Summary of the Collection
Beginning in 1793, Virginia law required the state’s free black population to register with their local courts. Once they were registered free blacks would receive a copy of their registration which were commonly called “free papers” and were then required to reregister every three years. Free black registries generally had no formal format and the information recorded within them seems to largely be determined by who was writing them at the time, this is reflected in the registries of Botetourt County.
The free black registries in Botetourt County begin in 1801 and end sometime after 1836. The initial Botetourt registries lack the amount of detail found within the later records. These early registries only record the individual’s age, sex, number within the registry, place of residence, and either calling or age.
However, in 1809 the Botetourt registries begin to become increasingly detailed, as they now begin to record an individual’s physical features such as height, hair, skin tone, and scars. Additionally, these registers now begin to record where, when, and how an individual obtained their freedom.
Although these registries have a dark origin, they offer modern readers and historians a wealth of information. Through these registries we are able to gain insight into the family relationships of free blacks, and their relationships with the areas white population. Additionally, these registries provide information concerning the movement of free blacks within both the county of Botetourt and Virginia. Additional information concerning the type of professions open to free blacks, their quality of life, and the methods in which they were able to obtain freedom are also found within these registries.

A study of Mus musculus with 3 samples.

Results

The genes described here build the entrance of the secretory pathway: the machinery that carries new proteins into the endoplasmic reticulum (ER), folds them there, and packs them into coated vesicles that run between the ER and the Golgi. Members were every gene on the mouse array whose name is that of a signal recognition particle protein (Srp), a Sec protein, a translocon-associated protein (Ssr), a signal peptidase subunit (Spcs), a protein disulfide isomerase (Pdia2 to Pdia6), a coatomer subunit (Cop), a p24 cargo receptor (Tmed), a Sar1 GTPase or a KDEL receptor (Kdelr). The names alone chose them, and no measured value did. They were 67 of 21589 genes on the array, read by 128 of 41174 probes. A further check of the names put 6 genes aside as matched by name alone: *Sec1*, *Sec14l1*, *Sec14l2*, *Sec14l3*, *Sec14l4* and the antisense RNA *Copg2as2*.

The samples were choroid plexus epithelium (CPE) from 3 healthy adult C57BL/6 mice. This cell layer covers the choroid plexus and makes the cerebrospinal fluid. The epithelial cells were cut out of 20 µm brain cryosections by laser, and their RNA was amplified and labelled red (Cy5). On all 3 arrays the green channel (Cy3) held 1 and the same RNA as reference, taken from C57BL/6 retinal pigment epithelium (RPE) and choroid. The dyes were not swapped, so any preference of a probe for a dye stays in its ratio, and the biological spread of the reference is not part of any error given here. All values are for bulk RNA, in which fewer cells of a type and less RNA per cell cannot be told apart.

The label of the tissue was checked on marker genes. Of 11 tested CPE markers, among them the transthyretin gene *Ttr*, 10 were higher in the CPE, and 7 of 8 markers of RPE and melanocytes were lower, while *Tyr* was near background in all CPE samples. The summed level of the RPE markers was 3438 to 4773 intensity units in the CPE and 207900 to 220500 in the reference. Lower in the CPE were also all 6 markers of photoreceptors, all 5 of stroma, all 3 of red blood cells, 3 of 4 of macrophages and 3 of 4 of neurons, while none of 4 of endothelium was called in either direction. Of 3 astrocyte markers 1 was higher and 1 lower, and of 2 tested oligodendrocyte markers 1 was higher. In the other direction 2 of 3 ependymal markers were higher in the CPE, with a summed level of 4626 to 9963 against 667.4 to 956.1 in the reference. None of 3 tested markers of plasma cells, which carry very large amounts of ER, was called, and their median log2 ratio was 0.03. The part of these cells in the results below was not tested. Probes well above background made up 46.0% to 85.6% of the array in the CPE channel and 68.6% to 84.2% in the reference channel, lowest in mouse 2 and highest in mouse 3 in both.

It should be noted that the format of the transcriptions of the Botetourt County Free Black Registries is as close to the original as possible however, it was impossible for many of the transcripts to keep the same line spacing as found within the original documents. This change in format however, has not affected the word usage, capitalization, or spelling found within the transcripts.The registries found on this site have been organized by their authors, as several of the documents despite being written in the same year do not belong within the same registry.
The Botetourt Free Black Registries were transcribed and published on this website by Taylor Frasure.
Links to the Collection
Maps of Botetourt County
Although recorded in 1864 during the Civil War, the maps included in the links below, still show the properties of several individuals listed within the registry. Because several of the people listed within the registry live in unspecified locations along the banks of the various creeks or James River these maps can be especially useful in gaining a general idea of their locations.
It is difficult to determine the exact date of the registries end. One of the records lists 1841 as the year of registry, however this is thought to be a mistake as this is the only instance of this date being used and it was for only one individual. Further support for this being a mistake is taken from the location of the year discrepancy, the record of 1841 is found within the middle of one of the relatively consecutive listed registries.